SCOTT SIMON, HOST:
This is WEEKEND EDITION from NPR News. I'm Scott Simon. The train crash last night outside of Paris has killed at least six people and injured many more. This morning, rescue workers were still searching for bodies. NPR's Eleanor Beardsley reports that state rail officials say a faulty track may be to blame.
GUILLAUME PEPY: (Foreign language spoken)
ELEANOR BEARDSLEY, BYLINE: During press conference this morning, French state rail head, Guillaume Pepy, said the cause of the accident was most probably a metal bar connecting two rails. It had become detached close to the station at Bretigny-sur-Orge, an hour south of Paris. Franck Paul Weber is the head of international communications for the French rail company, the SNCF.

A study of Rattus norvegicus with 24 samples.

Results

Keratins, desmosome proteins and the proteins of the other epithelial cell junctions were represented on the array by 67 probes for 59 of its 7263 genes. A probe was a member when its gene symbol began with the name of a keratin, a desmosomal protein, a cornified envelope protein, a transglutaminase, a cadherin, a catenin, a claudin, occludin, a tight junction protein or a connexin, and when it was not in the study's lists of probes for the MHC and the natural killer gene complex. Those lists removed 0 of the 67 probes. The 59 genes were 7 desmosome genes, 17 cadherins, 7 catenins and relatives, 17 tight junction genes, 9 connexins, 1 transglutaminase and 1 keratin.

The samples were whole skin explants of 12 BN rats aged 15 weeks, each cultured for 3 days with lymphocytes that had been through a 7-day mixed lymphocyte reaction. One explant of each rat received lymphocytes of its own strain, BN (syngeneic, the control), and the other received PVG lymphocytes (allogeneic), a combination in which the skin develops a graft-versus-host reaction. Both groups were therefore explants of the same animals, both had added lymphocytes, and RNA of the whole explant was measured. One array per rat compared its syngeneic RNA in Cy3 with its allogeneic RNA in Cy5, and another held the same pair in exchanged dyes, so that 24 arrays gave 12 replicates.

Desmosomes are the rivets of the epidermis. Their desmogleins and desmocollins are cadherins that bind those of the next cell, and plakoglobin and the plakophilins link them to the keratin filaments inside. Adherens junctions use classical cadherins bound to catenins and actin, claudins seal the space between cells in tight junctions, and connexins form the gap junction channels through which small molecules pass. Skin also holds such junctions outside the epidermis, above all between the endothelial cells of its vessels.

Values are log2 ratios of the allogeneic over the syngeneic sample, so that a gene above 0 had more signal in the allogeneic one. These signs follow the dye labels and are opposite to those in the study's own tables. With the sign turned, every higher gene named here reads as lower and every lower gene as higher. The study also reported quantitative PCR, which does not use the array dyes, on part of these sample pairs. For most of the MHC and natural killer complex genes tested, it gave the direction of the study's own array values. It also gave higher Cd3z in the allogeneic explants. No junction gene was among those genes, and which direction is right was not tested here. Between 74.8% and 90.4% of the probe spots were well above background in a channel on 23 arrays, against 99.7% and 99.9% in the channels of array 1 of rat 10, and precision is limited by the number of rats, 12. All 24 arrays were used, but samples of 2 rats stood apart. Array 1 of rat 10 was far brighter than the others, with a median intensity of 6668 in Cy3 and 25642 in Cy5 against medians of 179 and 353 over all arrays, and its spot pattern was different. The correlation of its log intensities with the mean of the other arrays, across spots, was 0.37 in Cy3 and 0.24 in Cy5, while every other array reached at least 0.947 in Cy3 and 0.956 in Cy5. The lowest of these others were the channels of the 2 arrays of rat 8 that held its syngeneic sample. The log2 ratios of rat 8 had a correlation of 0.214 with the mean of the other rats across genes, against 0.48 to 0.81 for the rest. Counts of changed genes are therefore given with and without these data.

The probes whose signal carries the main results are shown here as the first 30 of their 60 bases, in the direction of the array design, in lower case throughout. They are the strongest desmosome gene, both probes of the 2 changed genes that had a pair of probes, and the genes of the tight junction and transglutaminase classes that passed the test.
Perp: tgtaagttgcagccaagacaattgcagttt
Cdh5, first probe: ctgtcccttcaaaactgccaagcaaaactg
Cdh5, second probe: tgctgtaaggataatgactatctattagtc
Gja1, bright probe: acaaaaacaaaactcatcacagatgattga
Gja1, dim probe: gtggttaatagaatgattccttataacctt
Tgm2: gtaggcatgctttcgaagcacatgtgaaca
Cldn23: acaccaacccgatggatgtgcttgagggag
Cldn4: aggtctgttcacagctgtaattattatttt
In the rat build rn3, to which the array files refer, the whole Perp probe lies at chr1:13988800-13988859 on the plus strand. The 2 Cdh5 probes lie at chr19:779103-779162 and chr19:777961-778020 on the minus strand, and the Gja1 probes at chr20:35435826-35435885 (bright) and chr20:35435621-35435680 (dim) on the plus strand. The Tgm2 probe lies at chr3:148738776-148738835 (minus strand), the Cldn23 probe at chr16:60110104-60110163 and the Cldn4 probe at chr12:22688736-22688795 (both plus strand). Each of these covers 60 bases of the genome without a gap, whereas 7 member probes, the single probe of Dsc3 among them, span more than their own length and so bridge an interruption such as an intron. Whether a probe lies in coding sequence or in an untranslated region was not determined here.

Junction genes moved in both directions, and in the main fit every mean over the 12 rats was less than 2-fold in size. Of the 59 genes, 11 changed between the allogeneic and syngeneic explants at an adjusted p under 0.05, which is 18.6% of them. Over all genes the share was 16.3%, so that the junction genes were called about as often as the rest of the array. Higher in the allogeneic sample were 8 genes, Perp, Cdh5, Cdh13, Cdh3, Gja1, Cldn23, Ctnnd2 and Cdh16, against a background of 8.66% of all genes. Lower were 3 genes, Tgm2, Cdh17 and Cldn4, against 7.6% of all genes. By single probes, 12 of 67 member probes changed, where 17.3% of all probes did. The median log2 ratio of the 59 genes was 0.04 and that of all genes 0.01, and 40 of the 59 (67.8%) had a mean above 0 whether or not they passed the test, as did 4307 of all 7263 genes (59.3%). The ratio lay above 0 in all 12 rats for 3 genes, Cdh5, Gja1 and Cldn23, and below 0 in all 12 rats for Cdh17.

FRANCK PAUL WEBER: It's a kind of heavy piece of metal of about 10 kilos, and it's blocked, seemingly, some cars of the train and it let it derail.
BEARDSLEY: Some analysts have criticized the SNCF for investing heavily in high-speed rail to the detriment of traditional lines. In any case, human error has been ruled out. The conductor is being praised for his quick reflexes. He sounded the alarm immediately, averting a collision with another train coming in the opposite direction which would have hit the derailing cars within seconds.
The train was travelling a busy rail line from Paris to Limoges when several cars derailed, some flipping over or crashing into the station platform. Witnesses interviewed on television described it total chaos.
The accident is the worst in France in 25 years and has shocked a country that is proud of its extensive and generally safe passenger rail system. Eleanor Beardsley, NPR News, Paris.